According to Barna research, the most common reason people don’t go to church is “they find God elsewhere.”
What, if anything, helps Americans grow in their faith? When Barna Group asked, people offered a variety of answers—prayer, family or friends, reading the Bible, having children—but church did not even crack the top-10 list.
Although church involvement was once a cornerstone of American life, U.S. adults today are evenly divided on the importance of attending church. While half (49%) say it is “somewhat” or “very” important, the other 51% say it is “not too” or “not at all” important. The divide between the religiously active and those resistant to churchgoing impacts American culture, morality, politics and religion.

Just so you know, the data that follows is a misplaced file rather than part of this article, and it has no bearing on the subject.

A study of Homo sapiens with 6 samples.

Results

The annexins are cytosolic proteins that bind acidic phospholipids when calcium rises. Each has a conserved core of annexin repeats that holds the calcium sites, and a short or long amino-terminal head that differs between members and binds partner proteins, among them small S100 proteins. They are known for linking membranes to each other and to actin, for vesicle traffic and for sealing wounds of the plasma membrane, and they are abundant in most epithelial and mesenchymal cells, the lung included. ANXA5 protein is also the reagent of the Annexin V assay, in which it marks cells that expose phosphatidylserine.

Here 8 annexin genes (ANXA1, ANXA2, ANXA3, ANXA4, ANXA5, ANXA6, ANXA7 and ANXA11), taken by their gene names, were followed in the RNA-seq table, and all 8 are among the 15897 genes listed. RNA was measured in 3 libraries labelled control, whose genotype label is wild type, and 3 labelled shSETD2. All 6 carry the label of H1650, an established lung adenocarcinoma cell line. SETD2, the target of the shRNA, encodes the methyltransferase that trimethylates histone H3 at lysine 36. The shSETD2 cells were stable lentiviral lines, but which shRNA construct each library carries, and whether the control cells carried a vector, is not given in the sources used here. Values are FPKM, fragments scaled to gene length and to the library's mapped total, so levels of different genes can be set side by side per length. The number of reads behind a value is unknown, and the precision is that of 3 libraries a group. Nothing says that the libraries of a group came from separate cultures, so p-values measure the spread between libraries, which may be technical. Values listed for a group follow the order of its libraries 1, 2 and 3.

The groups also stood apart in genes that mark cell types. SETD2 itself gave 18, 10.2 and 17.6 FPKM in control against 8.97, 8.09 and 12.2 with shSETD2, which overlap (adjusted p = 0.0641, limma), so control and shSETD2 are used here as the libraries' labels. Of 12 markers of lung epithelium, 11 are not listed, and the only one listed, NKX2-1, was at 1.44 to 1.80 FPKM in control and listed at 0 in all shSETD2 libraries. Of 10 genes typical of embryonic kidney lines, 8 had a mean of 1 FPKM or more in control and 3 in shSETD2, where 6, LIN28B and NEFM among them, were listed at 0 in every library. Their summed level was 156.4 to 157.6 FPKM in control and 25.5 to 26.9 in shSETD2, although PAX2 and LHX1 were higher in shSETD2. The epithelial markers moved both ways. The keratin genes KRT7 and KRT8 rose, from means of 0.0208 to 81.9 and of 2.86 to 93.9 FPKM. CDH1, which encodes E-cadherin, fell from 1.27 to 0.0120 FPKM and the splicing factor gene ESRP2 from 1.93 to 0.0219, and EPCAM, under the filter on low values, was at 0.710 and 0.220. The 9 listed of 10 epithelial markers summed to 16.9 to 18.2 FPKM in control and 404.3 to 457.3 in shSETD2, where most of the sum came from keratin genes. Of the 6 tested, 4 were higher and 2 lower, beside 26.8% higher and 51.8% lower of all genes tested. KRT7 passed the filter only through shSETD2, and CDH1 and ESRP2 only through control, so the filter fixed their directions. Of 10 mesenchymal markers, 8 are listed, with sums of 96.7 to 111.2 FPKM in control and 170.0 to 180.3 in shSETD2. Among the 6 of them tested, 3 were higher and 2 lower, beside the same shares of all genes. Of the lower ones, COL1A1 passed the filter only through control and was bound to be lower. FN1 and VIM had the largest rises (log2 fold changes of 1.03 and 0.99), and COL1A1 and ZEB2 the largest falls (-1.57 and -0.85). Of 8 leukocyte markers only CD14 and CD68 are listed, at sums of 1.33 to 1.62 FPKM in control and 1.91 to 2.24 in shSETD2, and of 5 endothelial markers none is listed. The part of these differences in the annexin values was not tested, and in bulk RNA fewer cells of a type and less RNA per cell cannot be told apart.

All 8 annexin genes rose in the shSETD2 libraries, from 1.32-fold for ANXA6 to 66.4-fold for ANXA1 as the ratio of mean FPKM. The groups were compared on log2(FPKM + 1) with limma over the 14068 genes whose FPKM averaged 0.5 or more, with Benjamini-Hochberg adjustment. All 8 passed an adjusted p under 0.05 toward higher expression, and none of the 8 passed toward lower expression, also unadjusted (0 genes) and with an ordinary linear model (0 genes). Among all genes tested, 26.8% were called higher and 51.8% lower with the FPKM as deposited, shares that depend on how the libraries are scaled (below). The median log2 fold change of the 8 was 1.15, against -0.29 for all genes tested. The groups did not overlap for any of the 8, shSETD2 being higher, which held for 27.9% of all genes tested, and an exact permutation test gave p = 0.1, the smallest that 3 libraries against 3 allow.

Looking to future generations does not paint an optimistic picture for the importance of churchgoing. Millennials (those 30 and under) stand out as least likely to value church attendance; only two in 10 believe it is important. And more than one-third of Millennial young adults (35%) take an anti-church stance. In contrast, Elders (those over 68) are the most likely (40%) to view church attendance as “very” important, compared to one-quarter (24%) who deem it “not at all” important. Boomers (ages 49—67) and Gen Xers (ages 30—48) fall in the middle of these polar opposites. While the debate rages about what will happen to Millennials as they get older—Will they return to church attendance later in life?—they are starting at a lower baseline for church participation and commitment than previous generations of young adults.